When John Boyd Jr., principal of the Princeton-based Boyd Company, made the trek out to Park City, Utah, last month for the annual Sundance Film Festival, he wasn't surprised that Gov. Chris Christie was the first topic to come up.
“(It's) all people are really interested in right now,” he said.
But unlike the airwaves and front pages back home, scandal wasn't among the discussion topics for this group of big donors to the Republican Party, Boyd said.
These “major players” and “heavy hitters” didn't care about lanes being closed on the GW Bridge or an allegation of a political shakedown by Christie's lieutenant governor. They all still wanted to talk about the business-friendly candidate who might yet still be the frontrunner for the party's nomination in a 2016 presidential race.
“Bridgegate is not an issue,” Boyd said.
These big-time donors, Boyd said, are “sophisticated” in the sense that they can decipher who's worth throwing their money behind. At this point in time, he said, there's been no indication that person is anyone but Christie.
“No one is deterred here,” Boyd said.
If anything, Boyd said, the negative coverage Christie has received in the wake of the scandals has served to bolster his national profile as a leader.
“This put Christie back in the national spotlight,” he said.
Michael Egenton, senior vice president of government affairs for the New Jersey Chamber of Commerce, says he's not surprised to hear that business leaders in other states are still in support of the governor. When he travels outside the state, that's the kind of feedback he gets as well.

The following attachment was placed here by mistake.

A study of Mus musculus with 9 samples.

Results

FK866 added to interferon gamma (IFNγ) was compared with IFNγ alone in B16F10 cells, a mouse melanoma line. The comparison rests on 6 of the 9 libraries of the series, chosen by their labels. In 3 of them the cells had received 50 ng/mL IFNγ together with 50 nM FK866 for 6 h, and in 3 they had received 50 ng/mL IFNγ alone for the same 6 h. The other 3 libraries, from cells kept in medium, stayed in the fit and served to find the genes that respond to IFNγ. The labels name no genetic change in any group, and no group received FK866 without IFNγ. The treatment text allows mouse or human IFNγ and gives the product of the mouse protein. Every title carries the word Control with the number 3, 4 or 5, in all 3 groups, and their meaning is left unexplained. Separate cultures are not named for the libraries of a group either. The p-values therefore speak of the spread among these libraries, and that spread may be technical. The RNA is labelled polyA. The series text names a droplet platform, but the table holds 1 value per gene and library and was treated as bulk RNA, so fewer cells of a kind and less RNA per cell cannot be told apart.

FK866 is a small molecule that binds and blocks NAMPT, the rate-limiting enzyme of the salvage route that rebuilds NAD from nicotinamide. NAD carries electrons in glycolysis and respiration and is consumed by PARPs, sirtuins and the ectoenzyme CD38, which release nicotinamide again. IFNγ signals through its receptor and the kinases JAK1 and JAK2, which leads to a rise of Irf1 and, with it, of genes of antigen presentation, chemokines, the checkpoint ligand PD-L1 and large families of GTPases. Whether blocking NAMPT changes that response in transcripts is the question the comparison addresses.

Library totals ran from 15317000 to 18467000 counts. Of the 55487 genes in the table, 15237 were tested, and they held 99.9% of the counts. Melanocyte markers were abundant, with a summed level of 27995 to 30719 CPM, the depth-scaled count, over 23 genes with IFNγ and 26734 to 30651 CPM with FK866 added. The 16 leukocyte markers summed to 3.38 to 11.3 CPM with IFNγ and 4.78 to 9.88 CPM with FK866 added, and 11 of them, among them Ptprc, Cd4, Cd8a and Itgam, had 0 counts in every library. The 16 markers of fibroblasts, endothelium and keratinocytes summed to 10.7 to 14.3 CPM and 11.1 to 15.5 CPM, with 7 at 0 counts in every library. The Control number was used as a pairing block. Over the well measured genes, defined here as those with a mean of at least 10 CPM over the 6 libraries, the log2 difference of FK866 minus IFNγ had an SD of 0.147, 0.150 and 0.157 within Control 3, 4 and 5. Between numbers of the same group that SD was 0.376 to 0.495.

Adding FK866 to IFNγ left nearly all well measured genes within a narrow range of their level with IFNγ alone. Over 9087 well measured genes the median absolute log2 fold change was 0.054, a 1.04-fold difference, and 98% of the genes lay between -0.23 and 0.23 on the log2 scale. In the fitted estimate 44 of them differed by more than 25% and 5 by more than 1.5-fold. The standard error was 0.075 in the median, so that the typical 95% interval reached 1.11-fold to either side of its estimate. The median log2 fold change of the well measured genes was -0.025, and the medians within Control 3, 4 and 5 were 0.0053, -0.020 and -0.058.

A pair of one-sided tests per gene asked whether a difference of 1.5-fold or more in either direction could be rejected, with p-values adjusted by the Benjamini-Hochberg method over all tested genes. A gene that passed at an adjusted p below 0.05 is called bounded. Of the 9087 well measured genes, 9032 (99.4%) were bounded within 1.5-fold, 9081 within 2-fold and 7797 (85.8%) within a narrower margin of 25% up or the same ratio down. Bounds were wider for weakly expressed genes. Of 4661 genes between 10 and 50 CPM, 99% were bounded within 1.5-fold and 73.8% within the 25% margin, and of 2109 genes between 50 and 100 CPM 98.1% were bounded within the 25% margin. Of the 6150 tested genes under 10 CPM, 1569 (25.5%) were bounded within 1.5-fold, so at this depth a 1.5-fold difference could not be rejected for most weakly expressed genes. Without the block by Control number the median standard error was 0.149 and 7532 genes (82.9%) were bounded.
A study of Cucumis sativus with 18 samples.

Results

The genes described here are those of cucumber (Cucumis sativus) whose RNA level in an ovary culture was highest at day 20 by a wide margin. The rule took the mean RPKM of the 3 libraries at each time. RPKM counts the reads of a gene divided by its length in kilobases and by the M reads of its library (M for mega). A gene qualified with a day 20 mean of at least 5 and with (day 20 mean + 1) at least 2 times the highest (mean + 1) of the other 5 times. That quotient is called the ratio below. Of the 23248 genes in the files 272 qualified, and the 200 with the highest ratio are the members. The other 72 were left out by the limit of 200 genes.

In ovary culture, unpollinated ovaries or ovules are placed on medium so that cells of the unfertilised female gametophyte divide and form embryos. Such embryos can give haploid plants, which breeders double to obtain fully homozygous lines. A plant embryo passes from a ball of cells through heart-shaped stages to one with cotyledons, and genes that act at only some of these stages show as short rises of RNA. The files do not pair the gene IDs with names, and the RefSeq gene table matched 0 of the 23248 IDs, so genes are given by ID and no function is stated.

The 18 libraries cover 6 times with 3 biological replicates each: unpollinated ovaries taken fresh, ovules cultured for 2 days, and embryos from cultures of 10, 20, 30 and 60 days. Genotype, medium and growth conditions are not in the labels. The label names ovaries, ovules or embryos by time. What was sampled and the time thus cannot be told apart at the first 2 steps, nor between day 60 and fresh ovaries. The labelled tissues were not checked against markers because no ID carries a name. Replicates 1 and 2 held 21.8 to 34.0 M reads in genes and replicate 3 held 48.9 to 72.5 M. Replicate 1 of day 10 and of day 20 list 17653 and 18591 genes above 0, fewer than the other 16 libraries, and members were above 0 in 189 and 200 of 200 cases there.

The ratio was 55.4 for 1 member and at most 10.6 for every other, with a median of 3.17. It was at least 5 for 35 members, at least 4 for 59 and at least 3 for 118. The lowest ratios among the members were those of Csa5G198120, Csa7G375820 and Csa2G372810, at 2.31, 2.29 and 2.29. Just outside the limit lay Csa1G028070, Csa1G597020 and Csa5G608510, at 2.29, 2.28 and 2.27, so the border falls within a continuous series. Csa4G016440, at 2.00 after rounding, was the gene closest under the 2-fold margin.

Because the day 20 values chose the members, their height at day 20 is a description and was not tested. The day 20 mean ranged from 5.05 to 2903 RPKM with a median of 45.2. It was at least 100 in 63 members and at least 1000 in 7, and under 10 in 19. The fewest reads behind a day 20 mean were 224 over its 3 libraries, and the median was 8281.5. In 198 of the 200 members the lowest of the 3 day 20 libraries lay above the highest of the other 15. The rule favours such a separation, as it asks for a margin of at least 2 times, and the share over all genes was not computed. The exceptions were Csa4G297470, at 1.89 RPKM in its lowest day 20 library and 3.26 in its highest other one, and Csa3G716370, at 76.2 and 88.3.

“There are a lot of folks out beyond our borders that like this governor,” Egenton said.
And those are the folks that matter.
The polls have been devastating to Christie of late. His job approval and favorability ratings are way down; his negative ratings are up.
But David Redlawsk, a professor of political science at Rutgers University and director of the Eagleton Poll, says that while most polls, including his own, show a Christie that at the moment seems to be trending down, it really doesn't mean all that much yet.
Voters, Redlawsk says, won't be able to judge Christie as a potential presidential candidate until at least the Iowa caucuses in 2016.
“The voters don't actually matter right now,” Redlawsk said. “They're not going to weigh in for another two years.”
Until then, what does matter is what Redlawsk refers to as the “invisible primary,” in which potential candidates spend their time jockeying for big donors rather than votes. And, he says, understand that the voters aren't a major focus right now and that there's a lot of time for the governor's image to turn around again.
It's not like they have to rush to get behind a candidate either. It's still 2014, barely, and there's still plenty that can be done behind the scenes.
“The money folks right now don't have to make any public commitments,” Redlawsk said.
And with Christie set to travel around the country in the coming months as the head of the Republican Governors Association, no other party hopeful appears to be in as good a position to attract donors.
“This is exactly why he's the head of the RGA right now,” Redlawsk said.